By the end of March, United States Steel Corp. will have closed the three oldest coke batteries at its Clairton Plant.
The event could be viewed as routine industrial change, but it merits a deeper look at what it says about the Pittsburgh way of doing things, of evolving toward the future while respecting our heritage.
It is also a story about how important it is for our leaders to ensure our region is friendly and practical toward corporate investment, for the future economic well-being of workers and employers alike. Recent executive orders from Gov. Josh Shapiro are a positive start toward making Pennsylvania more competitive, and counties such as Allegheny should take note.
The announcement of the eventual coke battery closure came in April 2021, with the rationale of reducing U.S. Steel’s environmental impact as part of a more aggressive decarbonization strategy. The closure removes technology that was state-of-the-art when it was built seven decades ago and has been constantly improved and upgraded since. But the company said the batteries were no longer adequate to meet its public commitments to sustainability, decarbonization and zero-carbon emissions by 2050.
So, out with the old. To see the batteries close with no layoffs is a victory of sorts. The company used retirements and attrition to accommodate the closure, but there’s no escaping that there will be 150 fewer jobs in the Mon Valley. When companies act as responsible citizens, the community benefits beyond the economic activity and jobs that they create. U.S. Steel fulfilled its pledge to shut down the batteries on time and as promised even though it cut nearly 20% of the coke-making capacity at the plant.
So, what is the future for manufacturing, with its family-sustaining jobs and economic opportunity in the Mon Valley and elsewhere in Allegheny County?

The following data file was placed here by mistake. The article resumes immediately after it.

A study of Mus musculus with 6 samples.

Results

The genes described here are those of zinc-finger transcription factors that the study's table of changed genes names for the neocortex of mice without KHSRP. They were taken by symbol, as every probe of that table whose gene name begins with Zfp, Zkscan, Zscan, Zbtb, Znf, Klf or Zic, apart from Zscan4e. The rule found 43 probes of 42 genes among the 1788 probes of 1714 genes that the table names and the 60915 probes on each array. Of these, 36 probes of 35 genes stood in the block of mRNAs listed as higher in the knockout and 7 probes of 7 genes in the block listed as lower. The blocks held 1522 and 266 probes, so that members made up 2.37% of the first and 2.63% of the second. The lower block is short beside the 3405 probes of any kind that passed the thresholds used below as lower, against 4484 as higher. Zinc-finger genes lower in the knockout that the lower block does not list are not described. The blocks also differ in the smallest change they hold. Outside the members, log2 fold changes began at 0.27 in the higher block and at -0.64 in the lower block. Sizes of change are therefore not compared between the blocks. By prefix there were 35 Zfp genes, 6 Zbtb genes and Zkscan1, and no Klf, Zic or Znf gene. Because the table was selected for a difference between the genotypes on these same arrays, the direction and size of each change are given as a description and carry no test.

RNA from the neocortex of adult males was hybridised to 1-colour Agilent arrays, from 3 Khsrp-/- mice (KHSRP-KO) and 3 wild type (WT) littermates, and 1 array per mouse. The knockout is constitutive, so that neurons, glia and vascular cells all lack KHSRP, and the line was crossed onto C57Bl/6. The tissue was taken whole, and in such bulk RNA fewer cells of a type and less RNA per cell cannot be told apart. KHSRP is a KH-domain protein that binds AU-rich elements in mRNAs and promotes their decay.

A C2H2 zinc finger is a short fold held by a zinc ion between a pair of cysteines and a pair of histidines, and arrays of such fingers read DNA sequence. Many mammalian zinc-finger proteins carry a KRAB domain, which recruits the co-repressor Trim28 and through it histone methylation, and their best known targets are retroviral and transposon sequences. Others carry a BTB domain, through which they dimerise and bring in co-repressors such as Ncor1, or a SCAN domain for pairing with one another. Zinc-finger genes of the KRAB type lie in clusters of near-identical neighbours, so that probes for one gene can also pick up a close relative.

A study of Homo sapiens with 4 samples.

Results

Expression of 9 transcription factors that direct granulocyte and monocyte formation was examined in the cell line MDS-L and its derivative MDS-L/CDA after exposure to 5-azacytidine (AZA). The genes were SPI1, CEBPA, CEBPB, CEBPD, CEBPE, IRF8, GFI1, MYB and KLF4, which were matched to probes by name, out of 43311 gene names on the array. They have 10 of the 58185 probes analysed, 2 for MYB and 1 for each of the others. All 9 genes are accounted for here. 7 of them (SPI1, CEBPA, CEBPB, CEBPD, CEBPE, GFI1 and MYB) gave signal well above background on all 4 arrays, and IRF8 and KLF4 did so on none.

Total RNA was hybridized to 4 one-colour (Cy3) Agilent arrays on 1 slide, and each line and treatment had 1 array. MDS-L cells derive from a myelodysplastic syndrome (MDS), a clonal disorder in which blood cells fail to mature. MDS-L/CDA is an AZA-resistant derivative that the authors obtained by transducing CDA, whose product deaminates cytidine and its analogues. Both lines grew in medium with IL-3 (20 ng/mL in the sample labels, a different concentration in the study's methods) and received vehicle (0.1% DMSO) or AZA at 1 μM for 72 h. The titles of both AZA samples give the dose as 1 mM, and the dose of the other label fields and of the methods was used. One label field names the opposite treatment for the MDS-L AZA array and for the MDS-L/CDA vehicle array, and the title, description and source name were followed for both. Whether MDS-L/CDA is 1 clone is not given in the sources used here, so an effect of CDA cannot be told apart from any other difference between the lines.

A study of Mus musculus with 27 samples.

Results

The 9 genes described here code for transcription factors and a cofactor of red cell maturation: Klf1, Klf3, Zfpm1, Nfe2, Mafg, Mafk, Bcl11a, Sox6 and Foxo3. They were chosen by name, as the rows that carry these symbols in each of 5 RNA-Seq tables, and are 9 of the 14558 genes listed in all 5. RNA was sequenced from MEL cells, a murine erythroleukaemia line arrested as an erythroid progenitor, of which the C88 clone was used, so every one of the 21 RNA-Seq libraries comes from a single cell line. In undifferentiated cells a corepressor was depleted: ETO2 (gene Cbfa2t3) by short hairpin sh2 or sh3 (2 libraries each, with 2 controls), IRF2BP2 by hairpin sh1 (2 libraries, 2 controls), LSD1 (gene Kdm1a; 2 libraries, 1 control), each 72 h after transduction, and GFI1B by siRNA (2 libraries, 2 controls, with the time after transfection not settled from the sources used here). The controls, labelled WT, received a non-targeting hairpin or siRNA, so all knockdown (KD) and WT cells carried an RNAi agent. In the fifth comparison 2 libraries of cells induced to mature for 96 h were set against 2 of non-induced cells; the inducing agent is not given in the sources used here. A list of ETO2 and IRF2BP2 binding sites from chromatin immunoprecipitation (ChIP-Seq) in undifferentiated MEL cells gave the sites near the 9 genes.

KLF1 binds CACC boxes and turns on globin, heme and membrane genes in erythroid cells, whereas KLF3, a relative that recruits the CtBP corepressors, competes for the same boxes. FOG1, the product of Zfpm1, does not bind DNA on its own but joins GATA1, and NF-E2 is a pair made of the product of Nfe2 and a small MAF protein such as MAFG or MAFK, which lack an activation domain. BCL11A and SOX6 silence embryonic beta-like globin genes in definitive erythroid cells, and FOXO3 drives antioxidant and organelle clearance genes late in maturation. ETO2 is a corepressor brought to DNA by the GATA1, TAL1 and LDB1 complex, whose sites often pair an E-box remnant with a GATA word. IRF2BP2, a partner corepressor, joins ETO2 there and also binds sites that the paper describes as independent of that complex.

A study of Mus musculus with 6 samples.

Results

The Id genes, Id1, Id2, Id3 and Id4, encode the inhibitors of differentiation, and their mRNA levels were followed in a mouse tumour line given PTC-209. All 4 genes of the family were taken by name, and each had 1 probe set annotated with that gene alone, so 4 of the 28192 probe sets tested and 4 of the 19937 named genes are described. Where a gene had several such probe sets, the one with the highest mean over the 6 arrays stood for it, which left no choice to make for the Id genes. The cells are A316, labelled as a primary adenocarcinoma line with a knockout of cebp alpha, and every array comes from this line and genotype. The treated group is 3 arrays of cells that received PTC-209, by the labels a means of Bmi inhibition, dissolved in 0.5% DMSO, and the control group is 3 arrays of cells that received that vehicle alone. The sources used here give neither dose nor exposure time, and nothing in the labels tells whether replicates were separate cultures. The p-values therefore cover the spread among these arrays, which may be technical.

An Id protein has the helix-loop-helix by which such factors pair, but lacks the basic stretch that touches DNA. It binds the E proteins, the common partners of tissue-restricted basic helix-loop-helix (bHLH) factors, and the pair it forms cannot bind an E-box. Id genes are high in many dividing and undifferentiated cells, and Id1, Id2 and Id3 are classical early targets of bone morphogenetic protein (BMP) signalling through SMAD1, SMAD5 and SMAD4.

Behind the closure, unfortunately, is the fact of a challenging regulatory environment aggravated by interest groups whose constant attacks and campaigns have made doing business here an adversarial process for companies. Routine permit applications fall into a bureaucratic quagmire, and doing business at times can seem like a war of attrition. There is a well-funded network of single-issue activists who use the permitting process to create villains, whether a company or an entire industry.
While claiming to defend the environment, these well-funded groups helped contribute to the death of a billion-dollar project that would have created jobs and helped improve Allegheny County’s air quality.
All of that is a loss for the region and the people who live here. Long-term investments and long-term employment thrive when regulation is predictable, as the governor has recognized for the good of the Commonwealth.
Out with the old should have been followed by in with the new, but the Pittsburgh region must bide its time for now. Cleaner air is a goal for everyone, and companies are no different. Tackling sustainability as a steelmaker is no easy feat, given its energy-intensive nature. Addressing that challenge requires collaboration, engineering, innovation and investment.
There is no city of builders, thinkers, makers, engineers and workers better suited for it than Pittsburgh. Challenges of that scale are where we have always come through by following the Pittsburgh model of respecting the new and old, while racing for the future and making commonsense decisions about how to balance our community’s many needs.
We must pull together and place our focus on facts, data, innovation and practical solutions. Let us hope that the closure of the oldest Clairton Plant batteries, in its small way, marks a new chapter that takes Pittsburgh toward a cleaner, more collaborative future.
Jeff Nobers is executive director of Pittsburgh Works Together.